Misuse or Abuse of Prescription Pain Relievers

Instructor: Ashley Dugger

Ashley has a JD degree and is an attorney. She has taught and written various law courses.

As the number of prescriptions for narcotic pain relievers has increased in the U.S., so has the number of people misusing or abusing those medications. This lesson examines the misuse and abuse of prescription pain relief medications.

Prescription Pain Relievers

There's one type of drug overdose that kills more people in the U.S. each year than either cocaine or heroin. Do you know what that is? It's prescription pain relievers.

When we talk about prescription pain relievers, we're referring to opioid drugs such as codeine, morphine, Vicodin, Demerol and OxyContin. Opioid drugs are narcotic pain relieving medications.

Prescription pain relievers are opioid drugs, or narcotic pain-relieving medications.

Narcotics are a specific type of drug that works by affecting the user's brain receptors. Opioids work by binding to certain receptors in the user's brain, known as opioid receptors. Through this process, the opioids temporarily block pain messages to the user's brain.

Opioids are known as the most powerful type of pain relievers. However, opioids don't just block pain. Opioids also affect the receptors that control pleasure and reward. For this reason, opioids can also affect psychological conditions like depression and anxiety. That's why opioids are a popular source of prescription drug abuse. Prescription drug abuse occurs when someone takes a medication that was prescribed for someone else or takes a prescription in a manner not intended by the prescribing doctor.

Use of Prescription Pain Relievers

Let's first examine the proper use for prescription pain relievers. Opioid medications are regularly prescribed in two instances:

  • To treat acute pain, which is pain that is severe but is limited in its duration.
  • To treat chronic pain, which is generally defined as pain that lasts longer than three months.

When opioids are used for a limited period of time and used according to prescription, the user is at very low risk of developing opioid addiction. For example, opioid pain relievers are often safely prescribed in a limited supply for patients recovering from surgery.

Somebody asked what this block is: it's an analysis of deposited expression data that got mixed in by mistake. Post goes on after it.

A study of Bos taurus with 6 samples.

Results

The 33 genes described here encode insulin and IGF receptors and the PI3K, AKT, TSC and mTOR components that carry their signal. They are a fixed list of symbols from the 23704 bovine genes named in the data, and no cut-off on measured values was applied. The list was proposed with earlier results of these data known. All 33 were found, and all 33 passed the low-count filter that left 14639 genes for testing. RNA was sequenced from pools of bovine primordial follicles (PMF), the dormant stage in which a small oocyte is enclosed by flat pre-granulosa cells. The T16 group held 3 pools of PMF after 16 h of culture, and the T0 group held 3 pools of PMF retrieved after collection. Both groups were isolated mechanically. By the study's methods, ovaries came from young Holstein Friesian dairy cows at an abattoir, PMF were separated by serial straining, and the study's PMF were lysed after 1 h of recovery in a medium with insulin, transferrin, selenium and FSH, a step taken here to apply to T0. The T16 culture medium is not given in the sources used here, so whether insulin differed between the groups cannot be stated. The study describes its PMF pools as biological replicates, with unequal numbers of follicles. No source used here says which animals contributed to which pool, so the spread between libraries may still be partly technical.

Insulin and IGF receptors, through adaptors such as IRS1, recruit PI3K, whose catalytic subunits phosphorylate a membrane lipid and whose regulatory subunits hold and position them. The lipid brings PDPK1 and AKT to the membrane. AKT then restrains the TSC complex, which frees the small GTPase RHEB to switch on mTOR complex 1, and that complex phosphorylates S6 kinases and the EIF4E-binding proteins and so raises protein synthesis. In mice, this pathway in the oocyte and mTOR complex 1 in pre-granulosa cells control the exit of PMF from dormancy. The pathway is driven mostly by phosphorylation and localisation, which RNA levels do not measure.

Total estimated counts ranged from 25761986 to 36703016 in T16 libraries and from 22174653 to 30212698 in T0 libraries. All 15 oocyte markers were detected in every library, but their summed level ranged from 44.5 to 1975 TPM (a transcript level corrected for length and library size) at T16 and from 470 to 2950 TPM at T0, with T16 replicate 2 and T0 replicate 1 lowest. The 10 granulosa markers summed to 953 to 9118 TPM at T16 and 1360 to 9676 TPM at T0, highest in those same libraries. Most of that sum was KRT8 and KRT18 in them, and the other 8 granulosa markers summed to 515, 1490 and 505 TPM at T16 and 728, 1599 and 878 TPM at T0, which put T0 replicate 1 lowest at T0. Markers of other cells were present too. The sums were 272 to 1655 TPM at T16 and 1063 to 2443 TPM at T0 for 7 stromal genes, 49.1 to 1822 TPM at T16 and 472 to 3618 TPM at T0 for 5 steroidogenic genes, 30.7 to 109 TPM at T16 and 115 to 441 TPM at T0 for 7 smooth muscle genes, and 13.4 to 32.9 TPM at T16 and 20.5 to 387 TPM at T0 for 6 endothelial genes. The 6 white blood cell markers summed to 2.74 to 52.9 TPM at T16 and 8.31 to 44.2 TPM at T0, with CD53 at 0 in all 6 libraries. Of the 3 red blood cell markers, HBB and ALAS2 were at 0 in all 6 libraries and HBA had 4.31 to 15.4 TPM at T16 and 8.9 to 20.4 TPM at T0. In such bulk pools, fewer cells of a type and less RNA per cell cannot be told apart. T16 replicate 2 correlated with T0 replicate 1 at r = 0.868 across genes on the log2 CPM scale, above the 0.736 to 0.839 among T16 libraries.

However, more patients are receiving opioid prescriptions for chronic pain, such as back pain or arthritis, than ever before. When opioids are prescribed for an extended period of time, that user is at a higher risk for addiction.

One study showed there may be up to ten times the number of opioid prescriptions there were 25 years ago, largely due to use for chronic pain. According to the Centers for Disease Control and Prevention, recent numbers suggest there are nearly twice as many people addicted to prescription pain relievers as there are addicted to cocaine. In fact, there are now more people addicted to opioid medications than to any other type of prescription drug.

Dependency on Pain Relievers

Though keep in mind that 'addiction' and 'dependence' are not the same thing. Opioid dependence occurs when a user develops a tolerance to the pain reliever and needs a higher dose in order to achieve the desired effect. When an opioid dependent user stops taking the pain reliever, that user will experience withdrawal symptoms. Dependence can happen with users who are prescribed opioids for chronic pain relief, because those users might naturally develop a tolerance to the drug and require a higher dosage over time. A doctor might adjust the user's prescription to account for dependence.

Sometimes users take matters into their own hands. Opioid misuse, or opioid abuse, occurs when a user intentionally uses narcotic pain relievers beyond what is prescribed. This sometimes happens when a dependent user takes too many pills or takes pills too frequently. For example, a user might start taking the medication to ward off pain before it occurs or to ease feelings of sadness.